Entertainment » Celebrities

Recovery Unplugged: Finding Sobriety One Song at a Time

by Jill Gleeson
EDGE Media Network Contributor
Tuesday Nov 13, 2018
(l to r) Richie Suppa and Steven Tyler.
(l to r) Richie Suppa and Steven Tyler.  (Source:Recovery Unplugged)

It's one of the oldest stories in the book, but that doesn't make it any less affecting. Boy grows up wanting to be a rock star, joins band, starts writing hit songs. Starts using heroin. Tries to get clean, fails. Tries again and again. Fails. Richie Supa lived it, but he is one of the lucky ones. He eventually found long-lasting sobriety.

In October, Supa, who is director of creative recovery at drug and alcohol treatment center Recovery Unplugged, celebrated three decades drug-free. But it wasn't easy — the music industry, it seems, is an incubator for addiction.

"You know the old saying from the 70s — 'sex, drugs, rock-n-roll?'" Supa asks. "Well, music and getting high were synonymous. The greatest musicians had drug problems and it just seemed to be the thing to do. When I was jumping on and off tour with Aerosmith... you know, the Stones were out there, and Zeppelin and everybody was high. It was a lifestyle from the Woodstock days. There were half a million people in one field who were getting high. So it became a social thing, it kind of saturated the music industry, and it's still prevalent. Young bands are still getting high. A lot of these guys come through our treatment center."


Supa has written songs for luminaries including Mika, Willie Nelson and Bon Jovi, but it's his work with Aerosmith that proved to him music could be medicine for those afflicted with addiction. Two years after getting clean, terrified that sobriety might make it impossible for him to write, Supa sat down and penned "Amazing" with Steven Tyler. Detailing Supa's struggles with addiction and the joys of recovery, it became a massive hit for Aerosmith. Even better, Supa began getting letters from addicts, telling him how much the song meant to them, sometimes that it even helped them stop using.

Eventually, as he kept writing songs about his journey, Supa started taking his guitar into rehab centers and playing for patients. After he heard about a treatment center called Harmony that was using music in its programs, Supa reached out to its founder, Paul Pellinger. The two, who had met in Narcotics Anonymous years before, clicked. Harmony morphed into Recovery Unplugged and Supa was soon leading group sessions, where he uses his own and other's music about addiction and recovery to help break down the emotional walls that addicts and alcoholics build so well. Sometimes Supa's well-known buddies in the music industry, like Aerosmith frontman Steven Tyler, drop by to the center perform and lend moral support.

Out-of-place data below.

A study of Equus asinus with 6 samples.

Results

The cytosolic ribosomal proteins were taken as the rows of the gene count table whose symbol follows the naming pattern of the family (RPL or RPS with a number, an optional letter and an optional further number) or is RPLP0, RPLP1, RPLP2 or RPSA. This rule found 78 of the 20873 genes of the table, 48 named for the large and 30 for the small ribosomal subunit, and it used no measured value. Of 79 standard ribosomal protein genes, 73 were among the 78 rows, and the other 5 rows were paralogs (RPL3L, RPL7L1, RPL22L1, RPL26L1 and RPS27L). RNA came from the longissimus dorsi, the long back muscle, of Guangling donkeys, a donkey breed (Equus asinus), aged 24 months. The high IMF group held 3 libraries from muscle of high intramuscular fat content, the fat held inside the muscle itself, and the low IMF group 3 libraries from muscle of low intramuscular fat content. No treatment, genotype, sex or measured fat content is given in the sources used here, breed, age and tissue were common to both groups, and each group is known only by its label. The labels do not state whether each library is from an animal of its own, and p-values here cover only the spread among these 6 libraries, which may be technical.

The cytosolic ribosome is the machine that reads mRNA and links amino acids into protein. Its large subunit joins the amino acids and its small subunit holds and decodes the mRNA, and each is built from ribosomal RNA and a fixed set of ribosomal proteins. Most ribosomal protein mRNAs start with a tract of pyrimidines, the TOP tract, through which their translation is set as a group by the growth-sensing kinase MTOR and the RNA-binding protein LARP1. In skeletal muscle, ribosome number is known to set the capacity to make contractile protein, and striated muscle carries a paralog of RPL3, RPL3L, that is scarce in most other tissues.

WHY IT WORKS
WHY IT WORKS
  (Source:Getty Images)

In addition to its flagship location in Fort Lauderdale, Florida, Recovery Unlimited has spread to Lake Worth, Florida, and Austin, Texas (which, along with Annandale, Virginia, also features a Recovery Unplugged Encore outpatient center). By year's end Recovery Unplugged will open a new site in Nashville. Clearly, the music-as-medicine model works to help combat substance abuse. But how?

According to Pellinger, there is science behind Recovery Unplugged's methods. "Brain scans have shown that listening to music lights up the same pleasure centers that doing a shot of whiskey or heroin does. It releases the same endorphins and increases serotonin to the same level. So, in essence, we're teaching clients how to get high with music, instead of drugs. And the best thing about it is that when they leave treatment, they can take it with them. So we give them musical prescriptions if that makes sense."

That's not to say that Recovery Unplugged's clients don't have to work for their sobriety. Supa, who two years ago released an entire album about recovery titled "Enemy," which he uses in therapy with clients, says, "If you want to stop, you have to find the will. You have to reach that place emotionally and spiritually where you know that it's out of control. If you want recovery, you can have it."




How Music Medicine Heals

This story is part of our special report titled "How Music Medicine Heals." Want to read more? Here's the full list.